Can you recall some major turning points in your life? Moments that shifted how you thought or looked at the world? One of these moments happened for me in my 20s, when a friend suggested I read "Autobiography of a Yogi." This book triggered a major turning point for me, shifting my spiritual focus from the training and disillusion of my Catholic upbringing into a new understanding of a spiritual journey and drawing me into unfamiliar Eastern theories and practices. Eventually I became a teacher of Eastern spiritual perspectives.
For some a spiritual turning point is an introduction to new values and life changes that support compassion and peace. For some it is a determination to travel to India or some other “promised land” to meet a teacher, guru, monk or significant guide. Or it could be clarity about leaving such a place, even when it means breaking a commitment. This can plunge seekers deeply into their personal resources.
For others it is the simple beginning of a meditation or sitting class, whether it be in Buddhist or Hindu communities, or with someone who has touched your spirit like Eckhart Tolle or Adyashanti, or a Christian contemplation class using centering prayer. These become inward-turning points, inviting you to a new stillness and a place you may come to call your center.
There are many turning points along the way to self-realization that may arise as your meditation practice, capacity for contemplation and inner depth stabilizes. Here are a few possibilities:
• You may choose to change your lifestyle, drop an old belief system or find a career that more clearly reflects your values.
• You may realize you need to branch out and explore another teaching or practice.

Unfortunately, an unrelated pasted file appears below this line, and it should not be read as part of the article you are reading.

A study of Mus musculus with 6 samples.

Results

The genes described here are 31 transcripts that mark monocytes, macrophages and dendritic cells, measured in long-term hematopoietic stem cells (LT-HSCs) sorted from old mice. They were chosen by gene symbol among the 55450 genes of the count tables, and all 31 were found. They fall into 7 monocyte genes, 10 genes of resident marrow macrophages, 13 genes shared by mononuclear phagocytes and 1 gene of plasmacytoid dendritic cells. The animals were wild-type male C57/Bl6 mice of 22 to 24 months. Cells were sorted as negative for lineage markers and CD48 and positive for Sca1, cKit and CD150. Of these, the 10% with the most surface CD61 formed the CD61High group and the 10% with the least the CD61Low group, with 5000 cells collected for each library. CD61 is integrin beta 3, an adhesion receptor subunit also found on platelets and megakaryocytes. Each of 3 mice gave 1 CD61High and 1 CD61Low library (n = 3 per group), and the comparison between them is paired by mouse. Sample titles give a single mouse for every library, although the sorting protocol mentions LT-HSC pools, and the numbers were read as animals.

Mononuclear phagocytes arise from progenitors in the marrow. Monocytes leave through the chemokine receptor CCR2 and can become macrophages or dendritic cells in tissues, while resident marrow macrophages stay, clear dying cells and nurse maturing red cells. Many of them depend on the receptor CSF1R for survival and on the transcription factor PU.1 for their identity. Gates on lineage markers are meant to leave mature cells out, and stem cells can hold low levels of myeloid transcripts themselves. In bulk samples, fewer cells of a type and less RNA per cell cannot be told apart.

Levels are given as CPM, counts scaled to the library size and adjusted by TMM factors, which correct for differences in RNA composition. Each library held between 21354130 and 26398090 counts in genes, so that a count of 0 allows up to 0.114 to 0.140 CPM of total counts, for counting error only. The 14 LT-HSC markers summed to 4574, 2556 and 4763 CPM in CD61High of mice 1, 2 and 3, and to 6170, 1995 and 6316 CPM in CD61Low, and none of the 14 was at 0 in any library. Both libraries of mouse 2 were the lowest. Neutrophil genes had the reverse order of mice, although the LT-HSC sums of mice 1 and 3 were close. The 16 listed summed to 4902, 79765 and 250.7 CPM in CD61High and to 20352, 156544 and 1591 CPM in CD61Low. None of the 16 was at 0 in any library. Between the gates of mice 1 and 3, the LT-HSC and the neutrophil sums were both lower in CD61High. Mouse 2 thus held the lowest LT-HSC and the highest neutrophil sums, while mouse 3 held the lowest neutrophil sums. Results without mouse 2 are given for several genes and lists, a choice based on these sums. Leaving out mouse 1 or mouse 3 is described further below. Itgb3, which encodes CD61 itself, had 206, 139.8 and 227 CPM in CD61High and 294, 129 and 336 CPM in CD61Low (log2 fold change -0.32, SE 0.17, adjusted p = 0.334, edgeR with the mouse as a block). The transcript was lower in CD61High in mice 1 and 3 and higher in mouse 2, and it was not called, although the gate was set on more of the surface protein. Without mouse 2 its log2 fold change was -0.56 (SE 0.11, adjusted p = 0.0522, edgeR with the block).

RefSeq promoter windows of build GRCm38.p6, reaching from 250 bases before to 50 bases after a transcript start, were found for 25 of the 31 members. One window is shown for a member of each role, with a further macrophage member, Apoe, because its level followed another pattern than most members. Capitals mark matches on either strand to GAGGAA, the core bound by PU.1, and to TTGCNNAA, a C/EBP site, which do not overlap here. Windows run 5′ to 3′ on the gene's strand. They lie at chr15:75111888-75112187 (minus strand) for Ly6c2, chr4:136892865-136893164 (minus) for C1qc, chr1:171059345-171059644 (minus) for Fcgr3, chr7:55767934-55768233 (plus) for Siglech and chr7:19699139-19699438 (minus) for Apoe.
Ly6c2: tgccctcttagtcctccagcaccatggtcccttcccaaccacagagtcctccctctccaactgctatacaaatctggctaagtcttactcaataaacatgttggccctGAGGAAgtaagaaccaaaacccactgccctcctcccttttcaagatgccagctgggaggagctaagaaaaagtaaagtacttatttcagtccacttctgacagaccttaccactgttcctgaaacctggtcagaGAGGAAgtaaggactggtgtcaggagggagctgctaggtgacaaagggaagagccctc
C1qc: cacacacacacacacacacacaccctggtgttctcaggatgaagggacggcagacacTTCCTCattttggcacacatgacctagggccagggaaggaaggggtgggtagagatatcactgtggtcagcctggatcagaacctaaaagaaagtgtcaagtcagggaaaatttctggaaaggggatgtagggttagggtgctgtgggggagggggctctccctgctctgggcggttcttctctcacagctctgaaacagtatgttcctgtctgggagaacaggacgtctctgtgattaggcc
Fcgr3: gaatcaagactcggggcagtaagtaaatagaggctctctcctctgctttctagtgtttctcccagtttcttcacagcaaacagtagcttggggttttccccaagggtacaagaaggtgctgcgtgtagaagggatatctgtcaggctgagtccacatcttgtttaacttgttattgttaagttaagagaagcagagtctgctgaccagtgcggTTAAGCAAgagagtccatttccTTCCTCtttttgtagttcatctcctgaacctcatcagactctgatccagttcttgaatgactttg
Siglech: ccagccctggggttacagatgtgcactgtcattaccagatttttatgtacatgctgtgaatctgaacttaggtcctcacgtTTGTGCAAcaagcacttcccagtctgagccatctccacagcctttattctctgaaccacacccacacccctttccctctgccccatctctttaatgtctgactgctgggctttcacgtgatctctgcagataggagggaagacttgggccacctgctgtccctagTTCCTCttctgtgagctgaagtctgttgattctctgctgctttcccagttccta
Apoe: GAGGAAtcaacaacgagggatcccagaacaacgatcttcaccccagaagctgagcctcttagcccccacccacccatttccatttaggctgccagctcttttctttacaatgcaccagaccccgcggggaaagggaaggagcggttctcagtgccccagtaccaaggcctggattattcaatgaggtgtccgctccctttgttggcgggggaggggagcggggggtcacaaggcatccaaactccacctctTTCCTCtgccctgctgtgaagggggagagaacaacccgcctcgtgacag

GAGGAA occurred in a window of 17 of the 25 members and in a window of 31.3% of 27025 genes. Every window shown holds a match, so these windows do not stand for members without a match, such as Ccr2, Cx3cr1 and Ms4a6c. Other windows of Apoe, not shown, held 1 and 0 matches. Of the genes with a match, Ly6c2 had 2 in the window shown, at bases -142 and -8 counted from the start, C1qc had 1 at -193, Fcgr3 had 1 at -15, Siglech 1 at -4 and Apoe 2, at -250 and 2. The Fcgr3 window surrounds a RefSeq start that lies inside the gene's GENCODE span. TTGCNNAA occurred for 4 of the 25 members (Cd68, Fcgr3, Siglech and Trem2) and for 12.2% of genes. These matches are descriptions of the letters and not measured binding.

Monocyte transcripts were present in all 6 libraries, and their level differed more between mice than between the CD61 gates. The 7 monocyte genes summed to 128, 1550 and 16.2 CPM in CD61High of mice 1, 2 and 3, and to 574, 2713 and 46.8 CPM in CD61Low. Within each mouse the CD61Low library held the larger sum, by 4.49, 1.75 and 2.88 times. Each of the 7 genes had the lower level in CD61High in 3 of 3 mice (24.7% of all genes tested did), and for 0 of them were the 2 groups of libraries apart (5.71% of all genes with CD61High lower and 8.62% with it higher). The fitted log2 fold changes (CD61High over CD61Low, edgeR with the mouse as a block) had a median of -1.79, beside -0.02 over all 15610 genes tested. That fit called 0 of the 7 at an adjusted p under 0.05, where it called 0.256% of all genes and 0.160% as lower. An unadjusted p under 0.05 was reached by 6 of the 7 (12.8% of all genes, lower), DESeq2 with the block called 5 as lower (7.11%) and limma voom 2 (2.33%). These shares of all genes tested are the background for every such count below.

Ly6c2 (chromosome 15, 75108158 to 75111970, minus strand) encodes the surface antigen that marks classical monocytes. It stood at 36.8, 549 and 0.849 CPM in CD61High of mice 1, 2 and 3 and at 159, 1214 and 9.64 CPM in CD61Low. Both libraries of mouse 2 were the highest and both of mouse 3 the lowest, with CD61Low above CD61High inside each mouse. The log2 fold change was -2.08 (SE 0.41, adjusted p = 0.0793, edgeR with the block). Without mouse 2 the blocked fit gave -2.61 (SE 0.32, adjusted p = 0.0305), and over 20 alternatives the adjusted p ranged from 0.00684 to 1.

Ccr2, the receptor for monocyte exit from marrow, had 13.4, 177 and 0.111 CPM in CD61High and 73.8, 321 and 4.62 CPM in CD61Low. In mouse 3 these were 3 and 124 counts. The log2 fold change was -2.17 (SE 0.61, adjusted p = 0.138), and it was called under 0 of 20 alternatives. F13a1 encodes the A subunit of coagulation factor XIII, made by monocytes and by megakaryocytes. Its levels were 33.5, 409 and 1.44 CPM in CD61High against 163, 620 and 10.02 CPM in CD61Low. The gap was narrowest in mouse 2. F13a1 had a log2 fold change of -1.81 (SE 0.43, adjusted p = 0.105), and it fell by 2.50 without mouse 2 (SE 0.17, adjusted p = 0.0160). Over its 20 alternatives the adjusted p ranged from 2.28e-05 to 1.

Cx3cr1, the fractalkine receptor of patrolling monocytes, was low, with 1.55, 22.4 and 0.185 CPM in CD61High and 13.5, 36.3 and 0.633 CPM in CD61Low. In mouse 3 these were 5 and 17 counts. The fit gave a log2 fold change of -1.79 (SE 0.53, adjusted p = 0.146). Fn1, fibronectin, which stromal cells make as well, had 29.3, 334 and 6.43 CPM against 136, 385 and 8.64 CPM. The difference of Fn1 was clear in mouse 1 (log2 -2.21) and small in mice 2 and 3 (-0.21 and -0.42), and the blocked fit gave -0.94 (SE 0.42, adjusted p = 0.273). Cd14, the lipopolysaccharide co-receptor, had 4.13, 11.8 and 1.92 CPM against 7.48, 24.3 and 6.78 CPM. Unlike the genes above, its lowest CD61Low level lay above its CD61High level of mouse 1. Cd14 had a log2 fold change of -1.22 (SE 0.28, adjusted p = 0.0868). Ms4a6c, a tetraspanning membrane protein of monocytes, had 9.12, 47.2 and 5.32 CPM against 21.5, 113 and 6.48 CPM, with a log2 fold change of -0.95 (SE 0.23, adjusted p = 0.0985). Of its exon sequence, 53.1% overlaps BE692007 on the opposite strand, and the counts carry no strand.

• You may discover something within you has dropped away or changed so that you are more peaceful, patient, loving or compassionate toward yourself and others.
• You may suddenly activate energy or vibration that moves up from the base of the spine or the feet and begins to unsettle your old ways of being, bringing both challenges and bliss.
• You may have a startling new revelation or movement of consciousness into a new perspective or even a sense of unity with the world or the cosmos.
• You may realize it is time to align your lifestyle more with your new perceptions and move out of toxic or dysfunctional patterns and relationship or move toward a more genuine expression of yourself.
Spiritual awakening is not (as some imagine) a glamorous transformation, making someone into an all-powerful mystic who can work miracles. It is not living on another plane of experience outside of your body. It is more like a shedding of everything within you that is blocking your access to the clear and authentic expression of your true nature, which is essentially at peace and capable of seeing the radiance in the simple things of life.
Awakening does not demand that you go forth and change the world — perhaps this was so for Jesus or Buddha, but fortunately it is not meant for everyone to become a famous prophet or found a religion. Awakening does not demand anything. Instead it presents opportunities to know where you might find a way that is congruent, and follow the flow of life that leads you to doing what you uniquely are meant to do.
Think about the significant moves in your life. They may have been choices, inspirations or shoves from an unknown source. What did they bring forth in you? We can keep our selves open to turning points. We can’t dictate them, although the small inner voice asking for change may lead us to our next step. Life offers turning points — it is the way we humans grow into the fullness of our potential. Usually they are only seen in retrospect and, hopefully, with appreciation.
When embraced they lead us to peace.
Bonnie Greenwell Ph.D. founder of Shanti River Center in Ashland, recently published The Kundalini Guide and The Awakening Guide, available on Amazon and Kindle. The above is excerpted from her blog at www.shantiriver.wordpress.com. Send 600 to 700 word articles on all aspects of inner peace to Sally McKirgan firstname.lastname@example.org.